French rider Philippe Gilbert had to withdraw from the Tour de France after a crash that left him with a broken patella. But before he withdrew, he finished the stage, some 60km from the point where he went over a low stone wall on a fast downhill just after a brutal bend in the road. This was roughly the same spot where Italian rider Fabio Casartelli was killed in 1995 crashing into a similar stone wall head first. The Tour de France race route is very challenging, and these riders don’t mess around by putting on the brakes very often.
Regular readers of the blog know that a little more than two weeks ago, I fell hard on a steep part of Queen Anne hill, crashing my knees on the hard sidewalk. After an X-ray of my right knee, I am nursing a bad bruise, not a break. But the knee was very sore and swollen for several days, bad enough to interrupt my sleep. I can’t imagine riding a bike 60km on a bruised knee, much less a broken one.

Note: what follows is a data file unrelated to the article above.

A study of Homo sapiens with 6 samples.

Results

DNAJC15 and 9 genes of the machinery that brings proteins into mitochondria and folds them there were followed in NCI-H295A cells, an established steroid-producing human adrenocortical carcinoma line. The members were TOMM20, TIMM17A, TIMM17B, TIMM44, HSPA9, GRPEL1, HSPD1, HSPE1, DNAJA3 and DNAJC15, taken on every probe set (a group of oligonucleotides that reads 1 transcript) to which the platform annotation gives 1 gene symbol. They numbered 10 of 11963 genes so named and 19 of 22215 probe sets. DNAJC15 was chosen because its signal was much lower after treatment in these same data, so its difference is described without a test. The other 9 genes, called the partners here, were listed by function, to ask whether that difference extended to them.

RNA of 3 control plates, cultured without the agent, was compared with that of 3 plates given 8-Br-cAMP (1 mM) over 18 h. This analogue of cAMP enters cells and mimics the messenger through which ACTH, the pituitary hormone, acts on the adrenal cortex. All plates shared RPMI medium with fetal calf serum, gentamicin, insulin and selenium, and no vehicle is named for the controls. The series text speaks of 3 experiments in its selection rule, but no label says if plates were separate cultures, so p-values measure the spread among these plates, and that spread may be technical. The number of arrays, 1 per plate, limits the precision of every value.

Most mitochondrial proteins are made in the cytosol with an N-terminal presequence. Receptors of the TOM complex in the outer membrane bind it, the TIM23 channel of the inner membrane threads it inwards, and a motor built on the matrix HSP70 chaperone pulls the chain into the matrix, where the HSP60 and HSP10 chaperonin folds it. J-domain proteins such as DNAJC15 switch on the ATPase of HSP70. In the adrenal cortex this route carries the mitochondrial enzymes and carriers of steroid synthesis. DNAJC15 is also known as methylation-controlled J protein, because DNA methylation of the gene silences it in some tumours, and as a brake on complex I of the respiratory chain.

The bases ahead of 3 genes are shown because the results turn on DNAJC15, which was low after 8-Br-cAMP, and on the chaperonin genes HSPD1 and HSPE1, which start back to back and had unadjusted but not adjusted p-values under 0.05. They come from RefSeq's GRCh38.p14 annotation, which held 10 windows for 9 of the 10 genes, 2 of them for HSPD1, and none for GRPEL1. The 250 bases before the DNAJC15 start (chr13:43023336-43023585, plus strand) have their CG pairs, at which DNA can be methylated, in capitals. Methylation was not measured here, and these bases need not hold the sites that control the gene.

If you’re wondering about the medical judgment of letting Gilbert ride with a broken patella, race doctors generally defer to the rider if he can get back on the bike and go. A more thorough assessment comes after the race stage is done. No team wants a rider — a valuable asset into which they’ve invested a lot of money — to cause himself permanent injury by riding when he shouldn’t. But that judgment isn’t made until after the race stage, unless the rider has a head injury and is clearly unable to make a lucid decision at the point of the accident. Lawson Craddock, a young American rider who fractured his scapula during the first stage, is still riding — although he ‘s dead last. He’s finishing within the time limit outside of which riders are disqualified, and that’s saying a lot with such a painful injury.
Professional athletes deal with injuries all the time, but I can’t imagine a sport in which the competitors are tougher than at the Tour. If you’ve ever had a bone break, or even a bad bruise, imagine getting on a bike and riding up a mountain like the Alps. The Tour de France is the crowning event of the professional cycling year, and competitors in the race unlucky enough to suffer accidents do it all the time.